The Tunisian government held an emergency meeting Wednesday to address the social protests that began in Kasserine on Saturday and spread to other cities including capital Tunis, and several other regions.
Some 19 security forces have been reported injured in clashes with protestors, led by unemployed youth.
The cabinet meeting made a series of decisions to defuse the tension. These include the hiring of 5,000 unemployed part of various employment programs, the financing of 500 projects by the Tunisian Solidarity Bank for an amount of $2.6 million, and the creation of a national committee to investigate corruption cases reported in the governorate of Kasserine.
The cabinet also decided to transfer all collective lands in the region to private owners before late March, 2016, to create 9 construction sites for improving quality of roads and bridges, with a capital of $66,000 for the higher education graduates, and to earmark around $60 million for building 1,000 social housing units and developing 1,000 plots of land in 2016.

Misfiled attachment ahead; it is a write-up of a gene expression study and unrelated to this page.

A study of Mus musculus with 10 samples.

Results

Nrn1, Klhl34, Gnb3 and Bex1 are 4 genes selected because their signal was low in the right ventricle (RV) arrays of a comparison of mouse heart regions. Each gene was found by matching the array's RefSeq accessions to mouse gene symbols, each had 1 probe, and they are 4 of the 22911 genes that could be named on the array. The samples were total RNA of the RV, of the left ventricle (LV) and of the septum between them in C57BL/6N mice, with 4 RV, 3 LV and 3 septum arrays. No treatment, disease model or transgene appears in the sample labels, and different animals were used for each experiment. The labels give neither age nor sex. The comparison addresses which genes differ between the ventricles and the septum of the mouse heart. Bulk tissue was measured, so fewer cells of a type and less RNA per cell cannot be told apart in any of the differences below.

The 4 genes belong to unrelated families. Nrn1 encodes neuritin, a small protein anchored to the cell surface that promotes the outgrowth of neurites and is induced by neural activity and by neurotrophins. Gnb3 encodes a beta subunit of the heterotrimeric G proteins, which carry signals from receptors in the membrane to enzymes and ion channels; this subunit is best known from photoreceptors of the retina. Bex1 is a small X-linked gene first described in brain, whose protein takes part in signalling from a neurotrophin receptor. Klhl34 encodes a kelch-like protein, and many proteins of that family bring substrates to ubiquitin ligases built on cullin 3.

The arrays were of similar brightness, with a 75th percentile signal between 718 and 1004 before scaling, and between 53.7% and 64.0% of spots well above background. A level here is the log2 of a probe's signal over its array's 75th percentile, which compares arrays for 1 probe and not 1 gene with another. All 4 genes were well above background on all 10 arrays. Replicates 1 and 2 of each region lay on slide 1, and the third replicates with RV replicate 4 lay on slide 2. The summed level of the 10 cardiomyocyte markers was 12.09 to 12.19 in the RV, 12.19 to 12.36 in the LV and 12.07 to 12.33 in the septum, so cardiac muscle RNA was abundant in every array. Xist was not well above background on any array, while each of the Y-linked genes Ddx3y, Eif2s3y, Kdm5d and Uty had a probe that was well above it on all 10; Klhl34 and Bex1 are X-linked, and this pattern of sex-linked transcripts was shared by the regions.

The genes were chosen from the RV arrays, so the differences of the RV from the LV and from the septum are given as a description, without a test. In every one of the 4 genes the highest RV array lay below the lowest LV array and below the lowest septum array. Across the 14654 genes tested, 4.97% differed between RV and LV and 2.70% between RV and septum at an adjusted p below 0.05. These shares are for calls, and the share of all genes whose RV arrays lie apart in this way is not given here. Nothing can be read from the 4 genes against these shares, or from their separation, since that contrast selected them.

The cabinet adopted other measures to improve health services in the governorate.
Protesters are mainly demanding jobs as the country continues to have a high unemployment rate with figures reported to have jumped to 15.3% by the end of last year from 12% in 2010. Around 33% of the country’s unemployed are university graduates.
The cabinet emergency meeting took place without Prime Minister Habid Essid who is participating in Davos forum.
President Beji Caid Essebsi on an official trip to Australia said he condoned the protests which he argues are in line with the constitution but regretted media’s machinery trying to over blow them.
“Though legitimate, these protests must not be amplified,” he said at a joint press conference with Australia’s President Heinz Fischer.
Essebsi also indicated that his regime inherited “a difficult situation marked by a high unemployment rate, particularly among university graduates, the persistent problem of poverty in interior regions and regional inequalities.”